The Doric Columns
Centurion (I) - Registered at Aberdeen 27th February 1850; 3 masts, one deck plus poop and forecastle decks. Male figurehead. Walter Hood and Co length 157' 5" x breadth 26' 5" x depth 19' 3" Registered Tonnage: 639 ton
China, then Australia Trade, . The first Centurion ended her days as a total loss wrecked off Grimsby in 1866.
Centurion ll - 1869
The Centurion was built as a magnificent clipper ship, later converted to a barque - square-rigged on 2 of 3 masts. With a length of 63 metres, the timber vessel was built in 1869 at Aberdeen, Scotland, in the celebrated yard of Walter Hood & Sons. The latest to join the famous Aberdeen White Star Line owned by George Thompson, Centurion was linked alongside one of the world’s most famous clippers - Thermopylae. That ship famously raced the surviving Cutty Sark in the China tea and Australian wool trades. Centurion made many fine voyages but was not regarded as one of the elite group of clippers that won household acclaim. The Centurion, a timber sailing ship was lost inside North Head of Sydney Harbour in 1887.
Centurion was departing Sydney Heads under tow for Newcastle in order to load coal for Honolulu when it got into difficulties. It was towards the end of its life and the once proud passenger and cargo carrier now served as an ordinary collier. Stored in its hull were 400 tons of coal and 60 tons of rock ballast. As the steamer Phoebe manoeuvred the Centurion through the Heads, the Manhegan, moored in the centre of the entrance impeded its passage. Centurion’s tow rope slipped and fouled the Phoebe’s propeller. An anchor was immediately dropped, but the vessel washed onto the rocks of North Head, near the ‘Old Man’s Hat’. Recovering the tow rope, Phoebe pulled Centurion off but the vessel sank, fatally holed, inside Cannae Point.
The Centurion ll left Sydney for Newcastle, N.S.W., on 17th January, 1887; at 1.30 a.m. whilst off the Heads, the tug's line carried away: the ship drifted on to the North Head, struck and then sank in 18 fathoms, barely giving her crew 15 minutes to get clear.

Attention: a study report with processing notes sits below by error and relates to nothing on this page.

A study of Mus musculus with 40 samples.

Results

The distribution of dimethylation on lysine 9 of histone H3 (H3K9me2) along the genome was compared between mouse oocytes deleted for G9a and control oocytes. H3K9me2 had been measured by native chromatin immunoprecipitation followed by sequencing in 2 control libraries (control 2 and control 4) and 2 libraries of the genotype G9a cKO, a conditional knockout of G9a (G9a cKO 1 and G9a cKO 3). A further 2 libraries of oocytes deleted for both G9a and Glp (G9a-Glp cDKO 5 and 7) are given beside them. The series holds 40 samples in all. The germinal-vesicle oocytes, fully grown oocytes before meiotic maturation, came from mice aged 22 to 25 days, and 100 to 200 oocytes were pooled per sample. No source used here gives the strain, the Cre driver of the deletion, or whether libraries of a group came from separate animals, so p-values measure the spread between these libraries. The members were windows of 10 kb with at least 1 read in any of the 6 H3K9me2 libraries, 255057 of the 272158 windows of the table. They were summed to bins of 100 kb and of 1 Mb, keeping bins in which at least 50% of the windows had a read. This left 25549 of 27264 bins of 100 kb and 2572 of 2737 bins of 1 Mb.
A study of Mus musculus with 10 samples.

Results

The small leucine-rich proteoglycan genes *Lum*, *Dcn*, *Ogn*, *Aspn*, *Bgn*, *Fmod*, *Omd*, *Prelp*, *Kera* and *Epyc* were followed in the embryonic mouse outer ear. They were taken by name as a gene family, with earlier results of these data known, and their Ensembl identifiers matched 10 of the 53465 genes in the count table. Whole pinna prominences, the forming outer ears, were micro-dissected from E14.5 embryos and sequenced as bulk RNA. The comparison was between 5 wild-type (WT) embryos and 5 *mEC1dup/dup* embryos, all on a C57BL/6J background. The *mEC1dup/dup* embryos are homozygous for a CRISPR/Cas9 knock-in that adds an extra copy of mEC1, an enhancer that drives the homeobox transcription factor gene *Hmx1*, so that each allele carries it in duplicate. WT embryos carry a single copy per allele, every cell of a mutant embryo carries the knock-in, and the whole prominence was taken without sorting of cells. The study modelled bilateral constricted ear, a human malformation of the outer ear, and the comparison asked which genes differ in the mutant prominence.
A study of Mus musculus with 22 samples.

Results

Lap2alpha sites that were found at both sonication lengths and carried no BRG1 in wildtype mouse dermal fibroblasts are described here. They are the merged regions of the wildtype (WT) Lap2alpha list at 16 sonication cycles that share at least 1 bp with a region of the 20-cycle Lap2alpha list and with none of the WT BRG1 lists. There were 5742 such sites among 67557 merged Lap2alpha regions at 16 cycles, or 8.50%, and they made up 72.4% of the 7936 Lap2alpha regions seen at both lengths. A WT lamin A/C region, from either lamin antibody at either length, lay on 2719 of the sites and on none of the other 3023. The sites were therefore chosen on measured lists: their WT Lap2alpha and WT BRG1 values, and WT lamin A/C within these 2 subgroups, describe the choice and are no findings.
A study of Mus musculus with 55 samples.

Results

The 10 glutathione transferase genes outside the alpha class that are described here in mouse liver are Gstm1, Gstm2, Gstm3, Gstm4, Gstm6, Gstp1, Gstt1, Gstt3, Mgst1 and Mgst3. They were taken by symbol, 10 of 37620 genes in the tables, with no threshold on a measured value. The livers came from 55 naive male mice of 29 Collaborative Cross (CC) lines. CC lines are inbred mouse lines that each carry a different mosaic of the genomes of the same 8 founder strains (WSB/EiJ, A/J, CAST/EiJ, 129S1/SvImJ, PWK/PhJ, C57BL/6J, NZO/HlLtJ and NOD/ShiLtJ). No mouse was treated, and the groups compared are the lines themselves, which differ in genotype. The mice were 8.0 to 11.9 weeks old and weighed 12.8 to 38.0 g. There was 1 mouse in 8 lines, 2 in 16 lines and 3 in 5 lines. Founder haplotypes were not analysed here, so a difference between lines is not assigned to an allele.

Spread out on the harbour floor in the midst of the metropolis of Sydney, lies the Centurion, a timber sailing ship lost inside North Head in 1887. Few travelling to work on the Manly Ferry would know of its existence beneath their course – a reminder of the days when Sydney Harbour was a major shipping destination, once congested with international and coastal sailing vessels, belching steamers and harbour craft. The loss of the Centurion was recorded as ‘avoidable’, having occurred during daylight hours.
Today the site comprises the largest timber shipwreck site in Sydney Harbour and is very popular with recreational SCUBA divers. The complicated archaeological structure is spread over 40 x 15 metres on sand in 19 metres of water. Major elements include a pile of stone ballast, anchor chain, sections of iron-plated masts, and many iron fastenings from the hull. Sections of the hull’s timbers can be seen, particularly when sand levels change, exposing previously buried portions of the structure. The archaeological site contains an important range of data on hull construction techniques in a period of changing ship technology. While built as a timber sailing vessel, Centurion included innovative changes: iron deck beams and supports instead of the traditional timber, iron diagonal straps along the side of the hull, iron-plated lower masts and yards. These features have been identified as key elements of a specific transitional building style, known as ‘composite’ construction. While Centurion did not possess novel iron framework associated with that style, it was built during a time of transition in large sailing ship design and construction, and the trialling of new materials and forms, such as iron components.
unveiling of a heritage plinth at the Centurion wrecksite
The Emigrant Ships - John Masefield
ships, each with her grace, her glory.